LANSING, Mich. (WLNS) – We have gotten stacks of viewer emails and phone calls, with concerns over the ad that has been playing on stations around the area and here on WLNS.

6 News spoke with Kevin Rinkie who said the ad is a joke, focusing on what he claims is a bigger problem, election integrity.

“What’s really important isn’t the zombie, or the tongue and cheek comment of dead people voting. What is important is election integrity and that has nothing to do with 2020. Election integrity has been a standard and needs to be standard that the people of Michigan and the people of our country are comfortable with,” Rinke said.

He said his ad where he appears alongside a zombie has been a success in garnering attention to his campaign and his calls for tighter election laws. He said if elected governor, he would press for voter IDs and clean up voter rolls, a Michigan Secretary of State spokesperson said the department already does that.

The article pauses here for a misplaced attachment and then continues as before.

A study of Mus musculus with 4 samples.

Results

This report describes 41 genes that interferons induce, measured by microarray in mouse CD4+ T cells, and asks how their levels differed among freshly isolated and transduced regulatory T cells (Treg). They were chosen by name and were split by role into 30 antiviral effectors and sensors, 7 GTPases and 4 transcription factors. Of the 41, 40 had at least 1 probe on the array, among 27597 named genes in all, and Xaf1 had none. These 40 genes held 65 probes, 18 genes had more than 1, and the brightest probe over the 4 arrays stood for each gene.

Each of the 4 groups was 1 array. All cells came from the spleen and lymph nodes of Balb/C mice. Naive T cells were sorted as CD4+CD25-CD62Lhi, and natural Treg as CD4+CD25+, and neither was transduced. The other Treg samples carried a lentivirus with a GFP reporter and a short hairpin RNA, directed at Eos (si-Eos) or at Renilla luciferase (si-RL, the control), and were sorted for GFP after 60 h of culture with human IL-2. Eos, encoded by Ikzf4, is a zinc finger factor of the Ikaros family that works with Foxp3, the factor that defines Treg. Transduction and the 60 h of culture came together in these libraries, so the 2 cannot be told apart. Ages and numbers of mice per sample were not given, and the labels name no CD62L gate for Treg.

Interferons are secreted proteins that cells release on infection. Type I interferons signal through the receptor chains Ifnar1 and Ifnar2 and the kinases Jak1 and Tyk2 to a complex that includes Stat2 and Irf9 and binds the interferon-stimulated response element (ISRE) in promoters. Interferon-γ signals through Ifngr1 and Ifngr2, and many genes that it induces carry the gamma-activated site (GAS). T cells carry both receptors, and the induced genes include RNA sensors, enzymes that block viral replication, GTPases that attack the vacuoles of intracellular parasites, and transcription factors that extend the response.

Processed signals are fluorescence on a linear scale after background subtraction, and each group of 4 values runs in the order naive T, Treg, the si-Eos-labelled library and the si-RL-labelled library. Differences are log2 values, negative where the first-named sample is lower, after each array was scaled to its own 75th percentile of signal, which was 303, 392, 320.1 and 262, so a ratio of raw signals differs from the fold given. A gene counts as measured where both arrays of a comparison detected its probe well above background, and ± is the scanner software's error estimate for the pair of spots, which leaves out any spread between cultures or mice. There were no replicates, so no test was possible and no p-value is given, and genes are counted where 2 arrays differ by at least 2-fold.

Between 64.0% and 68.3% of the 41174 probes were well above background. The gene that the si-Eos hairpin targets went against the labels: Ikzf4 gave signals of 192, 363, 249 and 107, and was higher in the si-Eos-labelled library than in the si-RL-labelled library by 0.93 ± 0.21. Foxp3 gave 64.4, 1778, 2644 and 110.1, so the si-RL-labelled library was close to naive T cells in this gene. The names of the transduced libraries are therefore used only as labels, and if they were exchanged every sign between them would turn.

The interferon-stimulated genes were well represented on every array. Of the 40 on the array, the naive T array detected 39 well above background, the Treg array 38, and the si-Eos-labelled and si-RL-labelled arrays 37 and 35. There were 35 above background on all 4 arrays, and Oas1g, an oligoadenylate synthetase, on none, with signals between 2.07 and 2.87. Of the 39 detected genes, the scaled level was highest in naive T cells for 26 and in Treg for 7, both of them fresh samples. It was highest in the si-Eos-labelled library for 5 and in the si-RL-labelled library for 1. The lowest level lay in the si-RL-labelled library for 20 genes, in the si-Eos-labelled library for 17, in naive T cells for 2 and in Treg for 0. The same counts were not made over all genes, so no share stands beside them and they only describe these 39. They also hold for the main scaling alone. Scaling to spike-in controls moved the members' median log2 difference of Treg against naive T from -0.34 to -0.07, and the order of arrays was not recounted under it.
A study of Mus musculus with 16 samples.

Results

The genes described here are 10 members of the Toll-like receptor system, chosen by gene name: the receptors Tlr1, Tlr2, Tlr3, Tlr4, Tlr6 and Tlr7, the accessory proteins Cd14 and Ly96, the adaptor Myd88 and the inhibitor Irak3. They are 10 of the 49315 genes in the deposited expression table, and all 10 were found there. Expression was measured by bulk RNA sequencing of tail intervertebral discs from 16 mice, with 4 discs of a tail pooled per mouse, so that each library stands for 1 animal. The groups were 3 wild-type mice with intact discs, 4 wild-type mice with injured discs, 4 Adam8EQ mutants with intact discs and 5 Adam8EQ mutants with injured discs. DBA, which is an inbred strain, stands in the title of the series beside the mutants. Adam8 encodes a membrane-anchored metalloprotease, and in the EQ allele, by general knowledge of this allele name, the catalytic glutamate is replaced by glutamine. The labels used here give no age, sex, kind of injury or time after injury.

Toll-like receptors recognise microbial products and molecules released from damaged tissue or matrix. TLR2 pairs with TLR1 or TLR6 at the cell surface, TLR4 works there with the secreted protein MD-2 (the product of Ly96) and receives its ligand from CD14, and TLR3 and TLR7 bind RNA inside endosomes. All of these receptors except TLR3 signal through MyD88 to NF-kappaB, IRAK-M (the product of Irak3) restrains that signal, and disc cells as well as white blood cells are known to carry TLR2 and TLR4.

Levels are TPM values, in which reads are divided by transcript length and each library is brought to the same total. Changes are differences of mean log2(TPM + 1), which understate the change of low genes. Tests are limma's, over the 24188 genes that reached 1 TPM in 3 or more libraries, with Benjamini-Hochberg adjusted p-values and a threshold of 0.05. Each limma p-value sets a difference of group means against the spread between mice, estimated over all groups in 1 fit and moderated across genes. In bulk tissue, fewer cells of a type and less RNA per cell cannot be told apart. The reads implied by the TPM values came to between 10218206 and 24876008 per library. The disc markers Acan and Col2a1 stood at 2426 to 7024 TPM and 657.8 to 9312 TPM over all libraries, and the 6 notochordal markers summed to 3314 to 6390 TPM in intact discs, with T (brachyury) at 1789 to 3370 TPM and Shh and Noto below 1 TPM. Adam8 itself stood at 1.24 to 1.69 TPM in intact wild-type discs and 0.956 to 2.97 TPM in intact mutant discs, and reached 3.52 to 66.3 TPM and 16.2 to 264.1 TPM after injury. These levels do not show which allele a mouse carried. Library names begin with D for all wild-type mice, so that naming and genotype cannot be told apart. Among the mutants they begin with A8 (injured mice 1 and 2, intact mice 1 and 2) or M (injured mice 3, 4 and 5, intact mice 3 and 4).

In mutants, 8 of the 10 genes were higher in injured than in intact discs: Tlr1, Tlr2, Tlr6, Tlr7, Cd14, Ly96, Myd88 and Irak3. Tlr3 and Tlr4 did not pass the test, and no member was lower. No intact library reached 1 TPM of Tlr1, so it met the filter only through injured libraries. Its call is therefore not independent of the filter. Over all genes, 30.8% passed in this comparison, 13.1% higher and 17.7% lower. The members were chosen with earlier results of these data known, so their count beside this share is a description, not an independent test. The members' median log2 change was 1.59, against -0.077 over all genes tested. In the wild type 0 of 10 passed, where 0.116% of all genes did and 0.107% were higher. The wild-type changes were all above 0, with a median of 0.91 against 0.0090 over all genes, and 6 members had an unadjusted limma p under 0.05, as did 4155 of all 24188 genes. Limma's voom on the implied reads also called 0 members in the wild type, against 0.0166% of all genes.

“Michigan also has already an incredibly clean voter roll system and we maintain our rolls in accordance with federal election law,” said Tracy Wimmer, a spokesperson for the office. “We do again have voter ID laws in the state of Michigan that work very well, they are time tested. And they are very similar to time-tested voter ID laws across the nation,” she said.

Wimmer added that the office has done more maintenance on the rolls in the last three years compared to previous decades.

Both the Secretary of State’s Office and Ingham County Clerk Barb Byrum, stressed that Michigan’s audit process and the ballot counting process are separate and help keep results safe. Byrum called the type of rhetoric found in Rinke’s ad “dangerous” and sees similarities to messaging that led up to the January 6 attack on the Capitol.

“The more people hear this disinformation, this false information, regardless of how many times it’s been proven false, they continue to hear it, they believe it, and then they act on it,” Byrum said.

The Secretary of State’s office said if you have any questions regarding elections, their best advice is to reach out to your county clerk.

SEE MORE: Rinke “zombie” ad raises questions on 2020 election

WLNS is not required to air any political ads, but if one candidate’s ad is rejected, we can’t run ads from other candidates for that same race.

In addition, we can not censor any of those advertisements unless they violate FCC rules.